Plan Aims to Keep Wellington Affordable and Vibrant

6 March 2009

When Wellington City Councillors meet next week to decide on the contents of the draft Long Term Council Community Plan, they will be working to achieve a balance that recognises the economic situation and the need to ensure Wellington is in the best possible position when the economy improves.

Councillors will be considering draft proposals that would mean total rates would increase by 3.1 percent for 2009/10. After taking account of growth in the city's ratepayer base, the average real rates increase for 2009/10 is forecast to be 1.9 percent but this could change depending on the decisions made next week and at the Council meeting on 26 March.

The Long Term Council Community Plan (2010/19) will determine what the Council does over the next three years and provide a blueprint for the next 10 years.  

Mayor Kerry Prendergast says the aim will be to continue to provide key services, retain the city's vibrant character and keep the rates increases as low as possible.

"The global economy is slowing, household budgets are tightening, and there is anxiety about jobs. Residents cannot be asked to fund significant increases in rates, or any other area of household spending. At the same time it would not be wise to make deep cuts to Council spending," she says.

"That approach would cost jobs, remove important services and in the long term make Wellington less vibrant, less competitive and a less enjoyable place to live."

The Council met late last year and agreed on some priorities and a general approach, and has been canvassing these and a range of money-saving ideas with Wellingtonians over the last six weeks.

Councillors have taken calls on the weekly phone hotlines, talked with people at ward clinics and in other ways, and will be fully briefed by staff next week about what the research and feedback has shown so far, before deliberations on the draft plan begin. They will also hear views from the residents' panel, which was set up to consider the challenges the city faces and the pros and cons of a range of options and ideas.

Mayor Prendergast says the research and discussions with the community so far indicate many Wellingtonians want Wellington to remain a vibrant place and that the majority are comfortable with the Council aiming to keep the rates increase below 4 percent.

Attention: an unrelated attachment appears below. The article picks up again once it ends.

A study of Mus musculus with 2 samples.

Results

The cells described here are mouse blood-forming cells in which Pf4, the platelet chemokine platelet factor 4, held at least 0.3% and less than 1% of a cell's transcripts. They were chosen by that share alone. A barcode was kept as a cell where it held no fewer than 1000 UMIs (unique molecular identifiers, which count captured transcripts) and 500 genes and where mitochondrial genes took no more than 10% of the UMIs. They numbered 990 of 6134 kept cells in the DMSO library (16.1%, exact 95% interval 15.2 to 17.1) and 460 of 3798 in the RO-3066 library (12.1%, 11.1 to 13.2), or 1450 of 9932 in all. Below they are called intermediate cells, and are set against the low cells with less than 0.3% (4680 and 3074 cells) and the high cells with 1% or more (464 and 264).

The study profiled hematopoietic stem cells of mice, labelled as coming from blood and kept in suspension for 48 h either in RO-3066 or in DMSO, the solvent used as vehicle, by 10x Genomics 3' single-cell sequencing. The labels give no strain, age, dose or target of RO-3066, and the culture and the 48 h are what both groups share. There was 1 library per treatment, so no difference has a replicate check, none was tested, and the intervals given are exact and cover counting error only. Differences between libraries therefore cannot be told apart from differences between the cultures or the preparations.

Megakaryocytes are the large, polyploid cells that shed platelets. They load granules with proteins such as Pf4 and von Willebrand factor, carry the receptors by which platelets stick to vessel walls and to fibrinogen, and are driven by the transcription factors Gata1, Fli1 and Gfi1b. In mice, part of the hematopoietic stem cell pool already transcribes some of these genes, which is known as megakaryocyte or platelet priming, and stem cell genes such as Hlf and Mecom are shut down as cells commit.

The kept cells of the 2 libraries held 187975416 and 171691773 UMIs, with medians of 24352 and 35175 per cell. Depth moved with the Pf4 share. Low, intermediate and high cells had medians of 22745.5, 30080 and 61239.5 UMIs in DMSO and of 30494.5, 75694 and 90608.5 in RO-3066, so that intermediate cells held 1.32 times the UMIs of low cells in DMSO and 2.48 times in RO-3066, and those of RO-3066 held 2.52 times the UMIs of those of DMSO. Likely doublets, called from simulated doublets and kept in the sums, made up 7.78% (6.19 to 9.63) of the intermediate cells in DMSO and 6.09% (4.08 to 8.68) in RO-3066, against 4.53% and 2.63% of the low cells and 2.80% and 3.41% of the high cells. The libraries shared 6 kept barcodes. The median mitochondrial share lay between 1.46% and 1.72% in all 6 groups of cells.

"There was a significant minority who believed that a higher rates rise was acceptable and also a group who believe that any rates rise should be in line with the rate of inflation.

"We'll be considering feedback on our overall approach and the concerns that have been raised over some of the modest service cuts proposed to help keep rates rises down," she says. "It could be, for instance, that we agree the late night at our suburban libraries should be retained and instead propose slightly shortened hours at another time."

Mayor Prendergast says City Councillors have endorsed a long-term plan approach that prioritises spending areas including safety, events with economic benefits, greater collaboration with Central Government and keeping the city affordable, something that goes well beyond containing rates increases.

"For instance, our approach to transport is to provide people with more reliable low or no-cost options. We want to encourage walking and improve the bus network, which both also have environmental benefits.

"We know that certain services are likely to become more important during a recession. Events, for example, give people the chance to get out and enjoy themselves - they also attract people to the city, helping to sustain our accommodation, hospitality and retail sectors."

The Long Term Council Community Plan deliberations will happen in Committee Room One on Tuesday 10 March, from 9.15am to 4.00pm, and will continue on Wednesday and Thursday if necessary.

Decisions made next week and voted on at a Council meeting on Thursday 26 March will determine the content of the draft Long Term Council Community Plan (2009/19) that will go out for public consultation in April. Wellingtonians will have a month (Thursday 16 April to Monday 18 May) to consider the draft plan and make submissions.

As in past years, people will be able to check on the plan and what's planned by looking at the Long Term Council Community Plan pages on the website or by getting copies of the draft plan from libraries, Council service centres or by phoning our Contact Centre on (04) 499 4444. There will be lots of information in the April issue of the Council's newspaper Absolutely Positively Wellington and in the Our Wellington page in The Dominion Post.

People will be able to have their say online, by email, in writing or arrange to make an oral submission in late May (starting Monday 25 May).

The feedback received will be one of the factors City Councillors take into account when the Council meets in late June to make final decisions. We'll publish our final plan in July.